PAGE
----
Through the Mist of Fear

August 16, 2018
Investment

China and US Trade War

With another 25% tariff on US$50 billion of Chinese imports and the further 10% tariffs on US$200 billion of imported goods from China, Trump's US seems to be playing a poker game that China is destined to lose. The Chinese could only go all in by applying tariff on the entirety of their US$130 billion worth of import from the US. The Chinese just do not have enough chips to play in this tariff war.

Secondary Effect

Since the tariff, the exchange rate had move and the Chinese Yuan had depreciated against the US Dollar neutralizing most of the tariff imposed by the US. So the depreciating Chinese Yuan had done a magical job of offsetting the price rise for US buyers. As the threat of tariffs continue to escalate further and since the ability to quickly move production out of China is impossible for most factories who still operate in China (most lower value added manufacturing had already moved out of China long ago), there is chance of unintended secondary effect hurting the US and Chinese economy. The US wont be able to find substitute sources for their imports and then tariffs would either raise prices or reduce profit in the supply chain or most likely both.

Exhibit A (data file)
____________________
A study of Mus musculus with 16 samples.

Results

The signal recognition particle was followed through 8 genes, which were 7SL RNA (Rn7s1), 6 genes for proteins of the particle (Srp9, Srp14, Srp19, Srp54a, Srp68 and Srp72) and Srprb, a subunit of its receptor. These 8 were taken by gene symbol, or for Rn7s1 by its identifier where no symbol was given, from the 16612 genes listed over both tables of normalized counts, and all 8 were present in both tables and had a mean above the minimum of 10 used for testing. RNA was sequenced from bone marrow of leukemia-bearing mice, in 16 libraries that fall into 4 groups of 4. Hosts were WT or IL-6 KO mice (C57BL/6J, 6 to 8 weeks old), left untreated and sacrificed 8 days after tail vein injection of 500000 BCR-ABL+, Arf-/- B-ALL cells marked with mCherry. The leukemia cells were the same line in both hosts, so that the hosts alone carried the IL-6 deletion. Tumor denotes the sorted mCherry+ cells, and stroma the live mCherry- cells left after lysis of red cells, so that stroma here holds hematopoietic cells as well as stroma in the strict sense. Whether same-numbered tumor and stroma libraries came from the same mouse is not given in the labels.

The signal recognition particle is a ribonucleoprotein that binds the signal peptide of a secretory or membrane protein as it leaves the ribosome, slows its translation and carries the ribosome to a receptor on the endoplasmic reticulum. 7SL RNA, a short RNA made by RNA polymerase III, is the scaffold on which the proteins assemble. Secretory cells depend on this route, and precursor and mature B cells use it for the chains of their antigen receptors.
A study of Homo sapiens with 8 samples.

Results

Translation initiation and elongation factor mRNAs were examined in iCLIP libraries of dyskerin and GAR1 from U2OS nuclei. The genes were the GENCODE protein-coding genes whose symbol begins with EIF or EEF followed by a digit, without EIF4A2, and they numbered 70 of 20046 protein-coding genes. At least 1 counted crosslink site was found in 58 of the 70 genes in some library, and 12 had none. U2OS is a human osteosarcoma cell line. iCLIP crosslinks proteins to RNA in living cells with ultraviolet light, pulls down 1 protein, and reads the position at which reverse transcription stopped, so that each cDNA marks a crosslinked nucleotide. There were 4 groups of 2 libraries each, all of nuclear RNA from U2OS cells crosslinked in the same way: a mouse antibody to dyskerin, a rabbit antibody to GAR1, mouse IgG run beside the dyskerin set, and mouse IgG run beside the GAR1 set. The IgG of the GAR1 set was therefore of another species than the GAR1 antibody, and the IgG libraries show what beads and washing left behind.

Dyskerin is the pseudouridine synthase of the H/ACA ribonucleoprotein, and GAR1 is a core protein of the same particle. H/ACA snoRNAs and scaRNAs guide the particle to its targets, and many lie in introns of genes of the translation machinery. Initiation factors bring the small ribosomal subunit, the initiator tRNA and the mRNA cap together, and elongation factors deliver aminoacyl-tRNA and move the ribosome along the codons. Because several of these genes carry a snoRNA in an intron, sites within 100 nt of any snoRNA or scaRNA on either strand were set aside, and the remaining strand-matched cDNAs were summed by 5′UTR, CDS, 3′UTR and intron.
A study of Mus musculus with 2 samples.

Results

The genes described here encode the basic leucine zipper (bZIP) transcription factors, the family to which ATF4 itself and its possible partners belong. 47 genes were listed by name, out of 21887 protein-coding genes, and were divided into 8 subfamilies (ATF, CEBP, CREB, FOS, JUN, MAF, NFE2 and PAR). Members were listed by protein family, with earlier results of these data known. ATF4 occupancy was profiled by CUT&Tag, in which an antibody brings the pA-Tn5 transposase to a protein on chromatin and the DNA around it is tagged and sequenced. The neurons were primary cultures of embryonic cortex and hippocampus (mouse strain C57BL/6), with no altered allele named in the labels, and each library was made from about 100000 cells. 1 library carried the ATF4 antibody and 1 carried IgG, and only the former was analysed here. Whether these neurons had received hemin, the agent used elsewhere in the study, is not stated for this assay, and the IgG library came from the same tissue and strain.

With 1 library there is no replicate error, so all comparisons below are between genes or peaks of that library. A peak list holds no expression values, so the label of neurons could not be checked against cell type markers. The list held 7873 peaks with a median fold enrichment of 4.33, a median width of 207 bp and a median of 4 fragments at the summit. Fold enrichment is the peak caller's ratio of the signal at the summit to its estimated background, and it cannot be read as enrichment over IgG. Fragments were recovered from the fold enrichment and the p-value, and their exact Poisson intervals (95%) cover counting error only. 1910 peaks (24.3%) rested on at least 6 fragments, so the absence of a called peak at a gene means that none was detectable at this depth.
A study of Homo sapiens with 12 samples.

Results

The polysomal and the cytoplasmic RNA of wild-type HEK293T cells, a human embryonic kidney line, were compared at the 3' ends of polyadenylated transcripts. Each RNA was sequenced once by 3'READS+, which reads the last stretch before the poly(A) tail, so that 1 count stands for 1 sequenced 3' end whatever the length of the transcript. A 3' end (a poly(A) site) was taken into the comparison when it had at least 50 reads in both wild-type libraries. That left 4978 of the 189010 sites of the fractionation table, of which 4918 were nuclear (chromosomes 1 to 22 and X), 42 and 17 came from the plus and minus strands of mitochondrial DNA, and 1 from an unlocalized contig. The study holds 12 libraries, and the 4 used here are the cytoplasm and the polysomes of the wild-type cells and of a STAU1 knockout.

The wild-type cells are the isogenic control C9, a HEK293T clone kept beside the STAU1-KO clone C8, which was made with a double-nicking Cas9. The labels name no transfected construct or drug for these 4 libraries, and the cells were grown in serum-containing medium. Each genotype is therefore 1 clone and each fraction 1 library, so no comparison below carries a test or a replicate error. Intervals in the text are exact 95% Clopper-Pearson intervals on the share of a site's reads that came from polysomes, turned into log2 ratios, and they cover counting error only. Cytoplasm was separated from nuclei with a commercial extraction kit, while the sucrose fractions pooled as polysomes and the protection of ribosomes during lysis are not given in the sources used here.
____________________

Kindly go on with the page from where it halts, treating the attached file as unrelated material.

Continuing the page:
How is the economy?

China policy maker had taken steps such as extending time frame to reform the shadow banking activities, granting approval to roll over existing loans and making funding for infrastructure available. The US continue to grow strongly due to the tax cut. Employment continue to be low and business confidence continue to be high. Federal Reserve continue to raise rates and more could be expected. While headline looks bleak, the economy looks pretty healthy as a whole.

A little contrarian view

The potential China slowdown, the trade war and the rising rates in the US caused money to flow back into the US causing a rout in most emerging markets. This has caused a significant out performance in the US market versus the rest of the world. While everyone flocks our of China, we are starting to find see some value in getting into the China market. While the Chinese technology sector (Baidu, Alibaba, Tencent) remain highly interesting, we believe that the regular financial firms such as Ping An represent substantial value at this point. Instead of choosing, I shall be regularly investing into the ETF which tracks the Chinese economy broadly.As China continues to open its market, capital flow will reverse and we believe that there is still decades of growth left in China.

Hunmah Somapah

After completing my studies at St Joseph’s Institution, I was employed by the municipality as a bill collector and cashier from 1986 to 1996.After that, I concentrated on growing the family’s property business.